Hindi cinema has been a major point of reference for Indian culture in this century. It has shaped and expressed the changing scenarios of modern India to an extent that no preceding art form could ever achieve. Hindi cinema has influenced the way in which people perceive various aspects of their own lives. The three movies that we discuss here have three different points of view towards women. To some extent, they identify areas where “modern feminism” comes into contact with “traditional values.” The analysis which follows tries to decipher and articulate these points of view. It also attempts to determine the ways in which these films affect the discourse generated by the Women’s Movement. But before the analysis, we summarize the plots of these films.
Powerful Women Characters In Indian Cinema That Show What Women Can Truly achieve As PM Narendra Modi launches the “Beti BachaoBetiPadhao Yojna”, we recollect some of the most powerful women characters from Indian cinema who showed what it was that educated and liberated women could achieve. As a medium with the strongest influence on the Indian psyche, we explore through these portrayals how cinema has played an important role in promoting the empowerment of the girl child through the years.
Cinema plays a key role in depicting amazing personalities who inspire us in more ways than one. In an art form that largely casts men in the lead roles and women as supporting cast, there have been some memorable films that deviated from the norm and depicted strong women characters which left a mark on the society and became an inspiration to many.
Prime Minister Narendra Modi launched “Beti Bachao Beti Padhao” Scheme on January 22, 2015, which aims at generating awareness and improving the efficiency of delivery of welfare services meant for girls. When it comes to women empowerment, Indian cinema is not far behind. Here are 11 most powerful and memorable characters that portrayed the strength of women perfectly (spoiler alert ahead) –
Rani Mukherjee’s portrayal of a fierce cop in Mardaani perfectly showcases the true strength of a woman. The character is based on a real-life cop who solved several child trafficking cases. Shivani Shivaji Roy not only single-handedly beat up some of the worst criminals but held her own against the evil doers. The perfect mix of strength and respect, Roy is an inspiration.
When most of the youth in villages seem to be migrating to urban cities for better jobs and opportunities, the simple character of Gita (played by Gayatri Joshi) from Swades sets an example of an empowered woman who can make her own decisions. This highly educated village girl gave up lucrative offers in the city and chose to stay in the village to teach kids and reform the village. Her unconditional love for the villagers and her selfless acts made her a strong character which many women would aspire to.
Rani Mukherjee’s character Michelle as the visually and hearing impaired protagonist in the movie Black is one of the most powerful portrayals of a physically handicapped person in Indian cinema. The relationship of Michelle with her aging teacher (Amitabh Bachchan) and how she helps him to rediscover life is very liberating, inspiring and shows the true strength of a woman.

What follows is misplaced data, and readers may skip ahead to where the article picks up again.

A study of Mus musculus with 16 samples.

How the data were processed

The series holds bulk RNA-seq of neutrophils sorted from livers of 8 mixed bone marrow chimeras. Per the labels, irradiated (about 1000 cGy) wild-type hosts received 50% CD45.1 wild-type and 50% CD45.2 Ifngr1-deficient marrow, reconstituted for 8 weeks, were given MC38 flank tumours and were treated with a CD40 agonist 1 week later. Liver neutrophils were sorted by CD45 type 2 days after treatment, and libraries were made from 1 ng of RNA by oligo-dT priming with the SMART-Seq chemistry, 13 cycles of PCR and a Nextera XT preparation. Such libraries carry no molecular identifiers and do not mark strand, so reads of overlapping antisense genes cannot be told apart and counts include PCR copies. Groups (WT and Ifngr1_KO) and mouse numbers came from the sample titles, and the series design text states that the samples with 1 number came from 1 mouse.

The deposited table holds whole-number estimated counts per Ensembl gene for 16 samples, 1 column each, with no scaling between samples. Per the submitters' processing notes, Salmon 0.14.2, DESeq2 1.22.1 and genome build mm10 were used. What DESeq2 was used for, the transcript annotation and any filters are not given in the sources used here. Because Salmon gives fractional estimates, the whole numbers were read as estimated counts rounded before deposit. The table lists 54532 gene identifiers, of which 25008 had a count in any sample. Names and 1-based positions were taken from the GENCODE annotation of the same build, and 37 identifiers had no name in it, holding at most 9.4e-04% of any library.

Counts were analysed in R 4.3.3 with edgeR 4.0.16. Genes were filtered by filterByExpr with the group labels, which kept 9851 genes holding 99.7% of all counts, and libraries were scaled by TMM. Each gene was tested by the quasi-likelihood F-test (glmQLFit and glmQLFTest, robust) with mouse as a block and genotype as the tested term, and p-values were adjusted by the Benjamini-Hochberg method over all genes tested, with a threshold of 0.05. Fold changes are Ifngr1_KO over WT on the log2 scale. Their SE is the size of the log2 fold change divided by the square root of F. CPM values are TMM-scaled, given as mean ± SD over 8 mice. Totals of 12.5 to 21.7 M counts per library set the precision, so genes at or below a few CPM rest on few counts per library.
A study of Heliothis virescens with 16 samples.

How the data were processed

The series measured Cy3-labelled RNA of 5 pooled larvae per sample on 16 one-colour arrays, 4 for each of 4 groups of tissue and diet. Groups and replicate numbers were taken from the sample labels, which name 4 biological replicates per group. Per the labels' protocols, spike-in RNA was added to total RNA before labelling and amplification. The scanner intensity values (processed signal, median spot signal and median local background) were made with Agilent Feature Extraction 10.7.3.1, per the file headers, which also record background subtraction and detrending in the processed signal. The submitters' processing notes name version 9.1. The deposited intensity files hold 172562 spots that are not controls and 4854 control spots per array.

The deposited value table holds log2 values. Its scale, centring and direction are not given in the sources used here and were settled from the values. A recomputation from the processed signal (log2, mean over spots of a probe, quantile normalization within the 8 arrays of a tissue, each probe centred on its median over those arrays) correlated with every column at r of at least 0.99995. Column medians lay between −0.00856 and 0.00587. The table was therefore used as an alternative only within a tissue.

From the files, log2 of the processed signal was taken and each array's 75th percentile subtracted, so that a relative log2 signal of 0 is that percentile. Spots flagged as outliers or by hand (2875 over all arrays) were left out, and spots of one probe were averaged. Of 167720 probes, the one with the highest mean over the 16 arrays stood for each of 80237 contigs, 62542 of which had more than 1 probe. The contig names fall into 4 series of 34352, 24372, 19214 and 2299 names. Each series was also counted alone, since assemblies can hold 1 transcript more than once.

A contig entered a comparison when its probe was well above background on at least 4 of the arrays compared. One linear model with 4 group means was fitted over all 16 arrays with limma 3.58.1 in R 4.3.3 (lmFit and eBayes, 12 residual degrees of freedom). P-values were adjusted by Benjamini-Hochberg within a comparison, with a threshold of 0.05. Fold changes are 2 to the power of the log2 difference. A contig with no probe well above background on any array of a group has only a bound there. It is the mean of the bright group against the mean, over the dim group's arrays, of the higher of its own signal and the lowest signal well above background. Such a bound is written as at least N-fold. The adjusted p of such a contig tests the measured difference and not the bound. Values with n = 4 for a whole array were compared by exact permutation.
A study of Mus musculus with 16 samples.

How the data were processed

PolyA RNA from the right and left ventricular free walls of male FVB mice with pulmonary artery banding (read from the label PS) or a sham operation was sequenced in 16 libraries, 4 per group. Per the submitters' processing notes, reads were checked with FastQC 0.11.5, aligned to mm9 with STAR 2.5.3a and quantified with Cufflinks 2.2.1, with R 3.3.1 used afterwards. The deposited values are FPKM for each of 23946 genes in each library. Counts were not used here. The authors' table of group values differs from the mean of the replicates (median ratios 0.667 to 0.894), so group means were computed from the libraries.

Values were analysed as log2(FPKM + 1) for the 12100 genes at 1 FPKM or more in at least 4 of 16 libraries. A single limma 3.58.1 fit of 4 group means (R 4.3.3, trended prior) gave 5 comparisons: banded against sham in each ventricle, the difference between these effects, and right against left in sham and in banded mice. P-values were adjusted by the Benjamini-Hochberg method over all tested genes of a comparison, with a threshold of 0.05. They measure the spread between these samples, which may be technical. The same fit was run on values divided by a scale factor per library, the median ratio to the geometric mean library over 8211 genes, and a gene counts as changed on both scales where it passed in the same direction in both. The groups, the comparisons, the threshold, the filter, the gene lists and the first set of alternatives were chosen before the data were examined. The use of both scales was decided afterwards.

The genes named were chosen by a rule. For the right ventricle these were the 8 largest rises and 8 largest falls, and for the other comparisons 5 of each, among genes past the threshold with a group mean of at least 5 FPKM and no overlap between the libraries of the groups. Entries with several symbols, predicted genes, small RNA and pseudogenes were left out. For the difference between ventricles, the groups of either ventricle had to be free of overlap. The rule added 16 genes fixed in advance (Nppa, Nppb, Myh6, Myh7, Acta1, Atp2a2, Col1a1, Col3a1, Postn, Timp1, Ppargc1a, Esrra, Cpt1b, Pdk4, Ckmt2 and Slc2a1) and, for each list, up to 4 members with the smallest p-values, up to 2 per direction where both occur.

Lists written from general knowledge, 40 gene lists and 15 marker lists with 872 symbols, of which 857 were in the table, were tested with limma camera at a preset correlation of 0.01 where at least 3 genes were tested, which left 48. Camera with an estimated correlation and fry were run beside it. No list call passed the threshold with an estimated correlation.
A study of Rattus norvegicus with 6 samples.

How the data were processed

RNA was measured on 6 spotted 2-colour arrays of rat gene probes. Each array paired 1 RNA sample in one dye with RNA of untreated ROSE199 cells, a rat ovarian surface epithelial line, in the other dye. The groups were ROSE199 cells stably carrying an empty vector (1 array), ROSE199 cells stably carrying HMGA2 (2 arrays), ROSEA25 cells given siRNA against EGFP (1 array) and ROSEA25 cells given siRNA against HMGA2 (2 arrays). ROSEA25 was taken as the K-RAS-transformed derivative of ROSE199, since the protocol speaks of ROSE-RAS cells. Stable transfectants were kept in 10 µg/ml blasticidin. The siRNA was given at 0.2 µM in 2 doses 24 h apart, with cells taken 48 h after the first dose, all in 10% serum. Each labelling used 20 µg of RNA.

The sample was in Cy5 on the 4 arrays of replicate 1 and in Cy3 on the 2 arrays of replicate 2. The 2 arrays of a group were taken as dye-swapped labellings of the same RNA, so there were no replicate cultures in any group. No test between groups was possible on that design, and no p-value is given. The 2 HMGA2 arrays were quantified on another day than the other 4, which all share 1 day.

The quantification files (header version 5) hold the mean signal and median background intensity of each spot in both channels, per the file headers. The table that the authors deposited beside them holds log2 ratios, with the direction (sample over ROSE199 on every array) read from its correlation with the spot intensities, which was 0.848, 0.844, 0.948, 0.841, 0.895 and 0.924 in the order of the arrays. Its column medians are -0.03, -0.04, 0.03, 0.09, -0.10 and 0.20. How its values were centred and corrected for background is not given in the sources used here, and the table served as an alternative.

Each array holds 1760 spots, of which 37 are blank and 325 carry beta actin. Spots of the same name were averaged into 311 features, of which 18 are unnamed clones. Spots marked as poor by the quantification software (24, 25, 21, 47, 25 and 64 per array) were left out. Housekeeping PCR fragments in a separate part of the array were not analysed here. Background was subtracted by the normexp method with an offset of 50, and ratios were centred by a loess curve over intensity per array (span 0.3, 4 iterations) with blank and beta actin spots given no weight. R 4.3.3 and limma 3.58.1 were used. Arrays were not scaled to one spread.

The character of Rosie played by Waheeda Rahman in this 1965 classic showed women in a different light. At a time women were expected to be dutiful and follow their husbands even when unhappy, Rosie left her cheating and unsupportive husband and decided to choose her passion for dancing and someone who valued her as a person. Later, she again followed her heart and drifted apart from her lover when he did not turn out to be what she had expected. Rosie was one of the rare characters in Hindi cinema who stood for what she believed in and made her own choices in life.
Though all the girls in Chak De did justice to their character, there was one girl who stood out and gave a fresh and powerful answer to the male-dominated society. We are talking about Preeti Sabrawal (Sagarika Ghatge) who portrayed the character of an independent, self-respecting and dignified hockey player who refused to give up her career for her celebrity boyfriend. She not only stood up for herself but was an inspiration to all the ladies who sacrifice their dreams at one point or another because of their partners’ different priorities.
Men in most societies were seen as breadwinners while the role of women was restricted to being a good homemaker and a good mother. This applies to women in a highly patriarchal society of India. As societies entered the world of modernization, the role of women changed dramatically. Media played an important role in the modernization of societies and greatly affected the image of women in today’s modern world. A number of researches have been done on the role of women in different societies. However little has been said about the importance of films in portraying women in shifting roles over different decades and the impact it has on societies in general. Over past decades, Indian cinema has witnessed a significant transformation in the way women are portrayed through films. Contemporary films portray women as more independent, confident, and career-oriented This article deals with these fast-changing role of women portrayed in Indian cinema and its influence on the patriarchal Indian society with a focus on some representative Bollywood films. The aim is to link the changing character played by women in films with the emerging status of women in India, as films are a reflection of changes in the social structure.